WASHINGTON---Ousted USDA worker Shirley Sherrod received apologies from USDA Chief Tom Vilsack and White House Press Secretary Robert Gibbs; on Thursday morning on NBC's "Today Show," Sherrod said she deserves a call from President Obama--not for another apology, but to have a conversation with him about what happened and to tell him about the South--a place he never lived.
"Well, you know, he's the president of the United States of America. I've received the apologies that are important. I really would not want the president to apologize to me. I would love to have a conversation with him, though," Sherrod said.
Asked "what would you say to him," she added, " You know, I'd like to talk to him a little bit about the experiences of people like me, people at the grassroot level, people who live out there in rural America, people who live in the South. I know he does not have that kind of experience. Let me help him a little bit with how we think, how we live, and the things that are happening."
Sherrod said she wanted to tell Obama "we are people who struggle every day, who do the best we can in our communities, who love this country. We love him. We want him to be successful, because we feel he thinks in some ways like we do. And we think that's good for the country.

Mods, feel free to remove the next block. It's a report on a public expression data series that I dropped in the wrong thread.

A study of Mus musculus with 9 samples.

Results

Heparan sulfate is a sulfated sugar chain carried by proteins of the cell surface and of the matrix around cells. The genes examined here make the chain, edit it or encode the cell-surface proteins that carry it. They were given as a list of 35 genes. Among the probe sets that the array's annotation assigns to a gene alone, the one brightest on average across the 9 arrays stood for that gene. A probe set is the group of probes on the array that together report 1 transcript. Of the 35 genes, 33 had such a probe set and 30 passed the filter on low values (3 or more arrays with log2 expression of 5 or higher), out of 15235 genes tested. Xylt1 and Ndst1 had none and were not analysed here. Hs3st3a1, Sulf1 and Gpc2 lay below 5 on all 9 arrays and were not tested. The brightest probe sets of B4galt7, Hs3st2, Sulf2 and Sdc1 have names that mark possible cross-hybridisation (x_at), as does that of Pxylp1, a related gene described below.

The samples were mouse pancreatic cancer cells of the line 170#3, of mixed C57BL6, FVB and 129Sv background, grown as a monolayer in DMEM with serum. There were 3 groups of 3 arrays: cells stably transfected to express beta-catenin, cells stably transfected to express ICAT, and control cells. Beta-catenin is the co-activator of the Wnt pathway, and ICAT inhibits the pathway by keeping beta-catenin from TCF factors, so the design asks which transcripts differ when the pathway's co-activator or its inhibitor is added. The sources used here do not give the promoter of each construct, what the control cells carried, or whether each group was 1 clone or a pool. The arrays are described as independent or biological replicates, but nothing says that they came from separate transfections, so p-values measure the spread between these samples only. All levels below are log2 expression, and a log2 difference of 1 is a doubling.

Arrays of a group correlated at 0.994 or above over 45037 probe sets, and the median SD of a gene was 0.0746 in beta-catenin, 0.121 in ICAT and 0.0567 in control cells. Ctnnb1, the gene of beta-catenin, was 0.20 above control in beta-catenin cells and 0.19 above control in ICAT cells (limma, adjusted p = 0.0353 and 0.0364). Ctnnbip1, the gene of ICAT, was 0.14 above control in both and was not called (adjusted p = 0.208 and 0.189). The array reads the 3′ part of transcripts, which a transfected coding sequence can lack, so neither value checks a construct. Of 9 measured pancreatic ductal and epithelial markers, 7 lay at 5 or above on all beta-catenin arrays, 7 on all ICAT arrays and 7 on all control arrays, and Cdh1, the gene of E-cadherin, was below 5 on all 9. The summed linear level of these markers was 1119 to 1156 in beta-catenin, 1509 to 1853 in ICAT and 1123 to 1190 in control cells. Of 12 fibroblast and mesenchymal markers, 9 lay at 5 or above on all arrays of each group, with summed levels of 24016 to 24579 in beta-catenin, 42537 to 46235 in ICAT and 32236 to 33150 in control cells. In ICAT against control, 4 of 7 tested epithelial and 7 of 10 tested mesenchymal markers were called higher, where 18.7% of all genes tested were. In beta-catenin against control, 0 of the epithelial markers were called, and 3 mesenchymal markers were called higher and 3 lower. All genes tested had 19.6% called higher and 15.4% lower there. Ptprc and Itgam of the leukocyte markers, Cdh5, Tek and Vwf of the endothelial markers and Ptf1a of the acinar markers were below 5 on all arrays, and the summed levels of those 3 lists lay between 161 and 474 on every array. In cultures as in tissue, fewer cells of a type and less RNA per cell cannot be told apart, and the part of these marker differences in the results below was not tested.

"Yes, there are issues out there that we're faced with -- issues of poverty, issues that I worked so hard on these last 11 months at rural development to try to really have an impact on -- mainly because that's me; but the other thing, I want everything to reflect -- I want a good reflection for him as the first black president."
Vilsack, at a press conference on Wednesday said in his apology, "I've learned a lot of lessons from this experience in the last couple of days. And one of the lessons I learned is that these types of decisions require time. I didn't take the time. I should have. And as a result, a good woman has gone through a very difficult period. And I'll have to live with that for a long, long time."
He added, "this is a teachable moment for me and I hope a teachable moment for all of us.I think it is important to understand that each of us represents this department, each of us represents the administration and the president, and that we've got to be very careful about our actions and our words.
"And we have to make sure that we -- that we think before we act. I did not think before I acted. And for that reason, this poor woman has gone through a very difficult time."